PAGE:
Volume 655: debated on Tuesday 26 February 2019

17. What diplomatic steps his Department is taking to promote and support human rights internationally. (909453)

The hon. Member for Hornsey and Wood Green (Catherine West) will be pleased to know that the UK is wholeheartedly committed to the promotion and protection of human rights worldwide. As a result, we continue to support the work of the UN Human Rights Council and the Office of the UN High Commissioner for Human Rights. The UK is one of the longest-standing members of the UNHRC, and we are keen to maintain that record at next year’s elections.

Child soldiers represent a major human rights concern. What more can be done to condemn and improve the situation of child soldiers in Yemen, both those on the Houthi side and, crucially, the Sudanese children being exploited by the Saudi forces?

The hon. Lady is right to point out that the situation is absolutely heartbreaking. I am the father of an 11-year-old son, and boys of roughly that age are fighting in parts of the world such as Yemen. I reassure her that my right hon. Friend the Foreign Secretary will raise the matter when he is in Saudi Arabia in the days ahead.

Human rights defenders around the world are under attack. They are censored, imprisoned and sometimes even murdered for speaking out, and women who speak out in countries such as Saudi Arabia are particularly vulnerable. Does the Minister agree that we need to do more to support the women around the world who are brave enough to stand up for what they believe in?

The hon. Lady is right that that is a major issue. My right hon. Friend the Minister for the Middle East raised the matter when he was in the region last week and will continue to do so.

When I was chair of the Inter-Parliamentary Union, we tried on a couple of occasions to raise human rights violations against LGBT citizens around the world, but our attempts were regularly blocked by Uganda, China, Russia and several other countries. Will the Minister use his influence, particularly in the Commonwealth, to try to raise such issues so that we can give hope to millions of people living in those countries?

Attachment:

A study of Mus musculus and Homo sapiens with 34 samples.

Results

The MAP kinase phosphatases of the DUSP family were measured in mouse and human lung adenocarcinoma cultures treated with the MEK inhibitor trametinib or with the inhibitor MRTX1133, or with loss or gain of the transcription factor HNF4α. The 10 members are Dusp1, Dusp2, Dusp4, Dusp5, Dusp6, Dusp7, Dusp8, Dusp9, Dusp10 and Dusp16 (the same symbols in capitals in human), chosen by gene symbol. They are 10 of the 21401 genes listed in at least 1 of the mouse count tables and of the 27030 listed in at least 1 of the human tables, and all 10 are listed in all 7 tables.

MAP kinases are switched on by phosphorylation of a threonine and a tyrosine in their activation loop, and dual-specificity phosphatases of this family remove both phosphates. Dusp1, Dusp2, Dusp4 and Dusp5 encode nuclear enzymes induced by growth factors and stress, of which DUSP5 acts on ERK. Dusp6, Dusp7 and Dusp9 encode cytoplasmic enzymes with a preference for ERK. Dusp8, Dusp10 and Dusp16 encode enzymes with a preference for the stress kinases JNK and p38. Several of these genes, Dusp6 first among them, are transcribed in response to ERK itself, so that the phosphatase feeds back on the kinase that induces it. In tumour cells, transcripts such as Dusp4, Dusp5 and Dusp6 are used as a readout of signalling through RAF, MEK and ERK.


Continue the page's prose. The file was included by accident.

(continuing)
My hon. Friend is right that the issue is still contested. We will continue to make the case for LGBT rights, and all Foreign Office Ministers and other Ministers with broader foreign affairs responsibilities will make it clear when abroad that we need to stand up for these important rights.

On 5 April, Professor Zaffaroni, a justice of the Inter-American Court of Human Rights, will present to His Holiness the Pope a report on the consequences of the criminalisation of same-sex relations in the Caribbean. The Government will be invited to be represented at the presentation, so will the Minister ensure that they are?

I thank my hon. Friend for his question. These are important issues, and clearly we will be represented at the most senior level possible. It may be difficult for a Minister to be present, but we will ensure that our ambassadors and other leading figures in the Foreign Office are there to make the case to which he refers.

Was the Minister as appalled as I was last week that it took an order from the European Court of Human Rights to force the Orbán Government in Hungary to provide food to the starving asylum seekers being held at the border? Further, has the Foreign Office protested to the Orbán Government about this disgraceful episode?

Clearly this is something that causes great concern. The shadow Minister will be aware that it is not an issue for which I have direct responsibility, but I know my right hon. Friend the Minister for Europe and the Americas will ensure that our embassy in Budapest is in a position to make the case in the way he has expressed it. Obviously we will try to return to the House at some point with more information, or do so in writing.